FreeOffice is the freeware version of SoftMaker Office, considered one of the best alternatives to Microsoft Office on Linux. With its three different office applications, FreeOffice provides a robust substitute for Word, Excel and PowerPoint that will run on most Linux machines.
Below, we’ll cover how to install FreeOffice in Linux as well as an overview of its features and drawbacks.
To start, head to the official FreeOffice website and navigate to the downloads page. There you’ll be able to select the version that works best for your system. The Linux version of the FreeOffice software package is available in three different file formats: DEB, RPM and TGZ.
For Debian-based distro
If your machine is running Debian, Ubuntu, Linux Mint or any other Debian-based distro, you’ll need to download the DEB package. Once downloaded, you can double-click it to open the installer. Alternatively, if your distro doesn’t support the graphical installer, you can either install
gdebi or simply run the command in the terminal:
If you’re running Fedora, openSUSE or any other distribution that uses RPM packages, you’ll need to download the RPM version of the package. Install it with the command:
If you’re not running a distro that can install RPM or DEB files, you’ll need to use the tarball package. Download the TGZ package, then extract it as shown below.
Navigate to the extracted folder and run the installation script.
FreeOffice Review and Features
FreeOffice comes with versions of the three classic office applications:
- TextMaker – word processing
- PlanMaker – spreadsheet
- Presentations – slideshow presentation
Upon startup, you’ll need to choose between two interface sets: ribbons for those familiar with Microsoft Office and a classic option for those who prefer old-school word processors. You’ll then be able to launch any of the three apps.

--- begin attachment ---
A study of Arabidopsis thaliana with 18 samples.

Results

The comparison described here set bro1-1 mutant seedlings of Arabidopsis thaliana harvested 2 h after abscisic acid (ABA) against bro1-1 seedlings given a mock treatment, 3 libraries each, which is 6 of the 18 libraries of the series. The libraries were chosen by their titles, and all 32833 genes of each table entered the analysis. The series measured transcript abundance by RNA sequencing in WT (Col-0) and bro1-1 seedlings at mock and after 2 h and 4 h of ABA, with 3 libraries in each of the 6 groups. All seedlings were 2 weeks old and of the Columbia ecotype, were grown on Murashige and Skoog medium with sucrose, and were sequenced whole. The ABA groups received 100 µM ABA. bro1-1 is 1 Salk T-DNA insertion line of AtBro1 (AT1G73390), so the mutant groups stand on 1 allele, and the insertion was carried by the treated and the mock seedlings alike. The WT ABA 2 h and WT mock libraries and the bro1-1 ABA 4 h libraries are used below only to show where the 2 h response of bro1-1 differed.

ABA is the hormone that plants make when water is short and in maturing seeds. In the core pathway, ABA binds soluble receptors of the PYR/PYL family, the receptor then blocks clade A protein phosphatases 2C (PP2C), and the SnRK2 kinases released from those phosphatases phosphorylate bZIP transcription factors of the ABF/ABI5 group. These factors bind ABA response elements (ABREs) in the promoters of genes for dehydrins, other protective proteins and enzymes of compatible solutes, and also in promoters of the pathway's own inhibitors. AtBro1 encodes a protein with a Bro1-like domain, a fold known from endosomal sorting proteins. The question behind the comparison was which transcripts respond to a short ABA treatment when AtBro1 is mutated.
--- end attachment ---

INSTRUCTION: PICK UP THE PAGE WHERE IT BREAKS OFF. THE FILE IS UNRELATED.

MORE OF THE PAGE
The first of these, TextMaker, is a fairly robust piece of word processing software. It isn’t as full-fledged as Microsoft Office, and power users may be disappointed by its more limited feature set. TextMaker does, however, fill just about 100 percent of the needs of a casual user.
PlanMaker is a spreadsheet app with similar functionality to Microsoft Excel and other open spreadsheet software. If you’ve worked with programs like Excel or OpenOffice Calc, you will feel right at home.
The same is true of Presentations, the slideshow app. It’s not nearly as fancy as PowerPoint – and may feel a little bit outdated, even by open-source slideshow standards – but it gets the job done.
In general, FreeOffice will seem a little pared down compared to both Microsoft Office and the other big-name open-source word processors, OpenOffice and LibreOffice. And there are a few limitations to the software you’ll need to keep in mind: while you can open .docx and .pptx files, you won’t be able to save them, for example.
But with such a small memory footprint and quick load times, FreeOffice is a great option for casual word processing and spreadsheet design.
Depending on when you download, your download might help out others, too. A handful of times in the past — most recently, over the Christmas season in 2018 — SoftMaker has run a charity campaign in which the company donated €0.10 per download to charitable projects around the world.
FreeOffice for Linux
FreeOffice is a simple alternative to Microsoft Office and other open-source office software. FreeOffice will work with most versions of Linux, and its software package comes available in formats that make it easy to install on Debian, Ubuntu, Fedora and other Linux distributions.